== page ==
UCSB's diverse and botanically rich ornamental horticulture includes plants from six continents. A few plant species are unique to the campus and are found nowhere else in Santa Barbara County.
The free, illustrated brochure is the first in a series of Exotic Flora Walking Tours to be produced by the center's Campus Flora Project. Copies are available from the UCSB Visitor Center, the Bookstore, and the Cheadle Center, which is located in the Harder Stadium Building near Storke Field. Additional walking tours focusing on palms and edible plants are planned.
"Each plant on campus has a wonderful story to tell," explains Bree Belyea, project manager. Belyea and her colleagues are cataloging UCSB's plant species and compiling their rich histories for an interactive new web site.
For the first time, UCSB's extraordinary horticultural history and preservation efforts including the notes of the botanical collectors will be accessible to students, educators, and enthusiasts.
"Using the site's interactive map, everyone will be able to design their own botanical tours of UCSB based on their specific interests in a particular species or a desire to see red flowering plants in April, for example, using their preferred mode of transportation," said Belyea.
Many of the campus' exotic plants were propagated from seeds or grown from specimens gathered decades ago by UCSB botanists, including the late Vernon I. Cheadle, UCSB chancellor from 1962-1977. He recognized the special opportunity and favorable circumstances of this botanically rich coastal environment, said Jennifer Thorsch, Katherine Essau director of the Cheadle Center.
Cheadle had a vision of developing the campus into an outdoor classroom that would serve as an educational tool and also create an environment of great beauty. Today, biology, art, geology, geography, and environmental studies classes make use of the extraordinary plants in UCSB's landscape. The cover of the brochure includes an illustration produced by Oriana Connolly, a student in a College of Creative Studies botanical illustration class.
The exotic tree tour, which begins and ends at the Visitor Center, is an hour-long loop. The brochure's map identifies the location of 11 species. Each description provides the common name, species, origin, history, and cultural use.
For example, the dawn redwood (Metasequoia glyptostroboides), near South Hall, "was originally described from fossil specimens and thought to be extinct for millions of years until living specimens were found in China in 1944. In 1947, a botanical expedition to China brought back seeds and later distributed living plants to various U.S. botanical gardens."
The Jurassic Park area on the west side of Webb Hall is home to various plants whose ancestors were present when T. rex roamed the planet. These plants have evolved minimally over millions of years. They include Araucaria bidwillii from Queensland, Australia, and Araucaria rulei, from New Caledonia.
Some of the oldest trees on campus are the massive windrow of Tasmanian blue gum (Eucalyptus globulus) next to Noble Hall. The row of eucalyptus was planted to provide a windbreak for bean crops in the 1940s or earlier. Other remnants of windrows are found throughout the campus.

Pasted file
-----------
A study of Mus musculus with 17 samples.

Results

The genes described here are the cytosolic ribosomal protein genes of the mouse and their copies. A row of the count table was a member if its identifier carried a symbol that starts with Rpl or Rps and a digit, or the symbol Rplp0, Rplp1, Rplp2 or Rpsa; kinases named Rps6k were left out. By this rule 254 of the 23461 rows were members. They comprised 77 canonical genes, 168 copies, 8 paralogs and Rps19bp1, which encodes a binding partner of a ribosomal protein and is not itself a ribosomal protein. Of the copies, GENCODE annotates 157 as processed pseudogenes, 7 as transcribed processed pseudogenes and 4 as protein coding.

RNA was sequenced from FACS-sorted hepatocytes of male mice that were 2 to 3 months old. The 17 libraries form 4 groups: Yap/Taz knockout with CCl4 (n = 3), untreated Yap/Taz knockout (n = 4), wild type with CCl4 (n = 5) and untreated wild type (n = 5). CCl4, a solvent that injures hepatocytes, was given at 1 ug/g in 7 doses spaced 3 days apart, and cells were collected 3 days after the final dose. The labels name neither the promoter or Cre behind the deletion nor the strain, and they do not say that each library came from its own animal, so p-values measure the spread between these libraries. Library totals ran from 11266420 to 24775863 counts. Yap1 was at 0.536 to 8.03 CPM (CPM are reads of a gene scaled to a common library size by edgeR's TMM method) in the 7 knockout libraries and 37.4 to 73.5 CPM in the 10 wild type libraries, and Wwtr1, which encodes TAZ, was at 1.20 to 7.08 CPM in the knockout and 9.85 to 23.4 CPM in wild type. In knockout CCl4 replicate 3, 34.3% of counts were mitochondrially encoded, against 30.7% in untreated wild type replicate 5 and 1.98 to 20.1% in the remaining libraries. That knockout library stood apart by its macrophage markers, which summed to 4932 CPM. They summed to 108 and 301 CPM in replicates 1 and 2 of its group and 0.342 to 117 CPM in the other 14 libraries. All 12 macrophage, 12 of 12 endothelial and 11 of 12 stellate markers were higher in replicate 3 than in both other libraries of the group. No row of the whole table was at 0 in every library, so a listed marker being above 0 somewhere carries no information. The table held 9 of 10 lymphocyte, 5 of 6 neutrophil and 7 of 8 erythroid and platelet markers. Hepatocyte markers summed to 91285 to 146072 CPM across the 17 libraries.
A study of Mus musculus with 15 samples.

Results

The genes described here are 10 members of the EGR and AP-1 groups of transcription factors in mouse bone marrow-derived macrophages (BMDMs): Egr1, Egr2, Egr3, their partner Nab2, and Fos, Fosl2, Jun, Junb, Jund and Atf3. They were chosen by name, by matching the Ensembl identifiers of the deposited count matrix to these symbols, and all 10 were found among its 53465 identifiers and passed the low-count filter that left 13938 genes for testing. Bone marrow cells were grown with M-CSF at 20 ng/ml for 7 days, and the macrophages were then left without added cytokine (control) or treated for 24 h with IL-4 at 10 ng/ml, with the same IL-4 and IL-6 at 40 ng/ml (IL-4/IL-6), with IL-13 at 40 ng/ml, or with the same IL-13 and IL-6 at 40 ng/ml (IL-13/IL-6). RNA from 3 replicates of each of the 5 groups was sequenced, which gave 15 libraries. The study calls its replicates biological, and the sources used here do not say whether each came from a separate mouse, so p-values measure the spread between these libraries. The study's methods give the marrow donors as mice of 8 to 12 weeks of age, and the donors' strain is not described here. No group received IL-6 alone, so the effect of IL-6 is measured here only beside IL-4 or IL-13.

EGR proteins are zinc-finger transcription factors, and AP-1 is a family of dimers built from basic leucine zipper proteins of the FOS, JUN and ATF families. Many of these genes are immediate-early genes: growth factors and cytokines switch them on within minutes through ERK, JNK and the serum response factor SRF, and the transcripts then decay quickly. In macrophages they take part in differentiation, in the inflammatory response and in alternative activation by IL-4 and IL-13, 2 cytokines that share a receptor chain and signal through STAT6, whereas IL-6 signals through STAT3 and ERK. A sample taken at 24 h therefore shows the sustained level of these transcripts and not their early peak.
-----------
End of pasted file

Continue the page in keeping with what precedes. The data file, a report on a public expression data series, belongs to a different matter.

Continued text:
In addition, the Cheadle Center recently published the third edition of its immensely popular pocket guide, "Native Plants & Habitats of the UCSB Campus" (see cover at right). The 135-page booklet, featuring seven habitats and 57 California native plants, includes a photograph of each plant, and information about cultural and wildlife use. It is a great resource for anyone interested in learning about California Native Plants, said Ben Reder, restoration coordinator at the center.
Reder first prepared the guide as a teaching tool for Kids in Nature, an educational outreach program at the center. Demand has steadily grown, and the book has been redesigned and reprinted twice.
"Native Plants & Habitats of the UCSB Campus" is available for purchase from the Cheadle Center, the UCSB Bookstore, the Santa Barbara Botanic Garden, the Santa Barbara Museum of Natural History, and the Isla Vista Food Co-op. Beautiful greeting cards with photographs of local plants and wildlife taken by the center's staff (see sample at right) are also for sale at the center and the campus bookstore. Proceeds from the sale of the guide and the cards support the center's student internship and restoration programs.
A walking tour of UCSB Campus Lagoon Area has also been produced by the center. Both the exotic tree tour and the lagoon tour are available online. (Please see link below.)
The Cheadle Center for Biodiversity and Ecological Restoration houses over 350,000 botanical and zoological specimens. For over 60 years, these valuable collections have contributed to the research and educational missions of the university. It is responsible for managing and restoring many of the biologically diverse natural areas on campus including the Lagoon, North Bluff, Storke Wetlands, Manzanita Village, and most recently the San Clemente Housing project.
The Cheadle Center's collections are available for use by UCSB faculty, researchers, staff, and students as well as community members, including biological consultants, government agencies, and K-12 educators and their students.
The Campus Flora Project is funded by a grant from the Elvenia Slosson Foundation at UC Davis.
For more information about the Cheadle Center visit: ccber.lifesci.ucsb.edu or call (805) 893-4211. The center is open Monday through Friday, between 8 a.m. and 5 p.m.
The UCSB Exotic Flora Walking Tour brochure is available here [3338k PDF].
The Campus Lagoon Area Tour brochure is available here [550k PDF].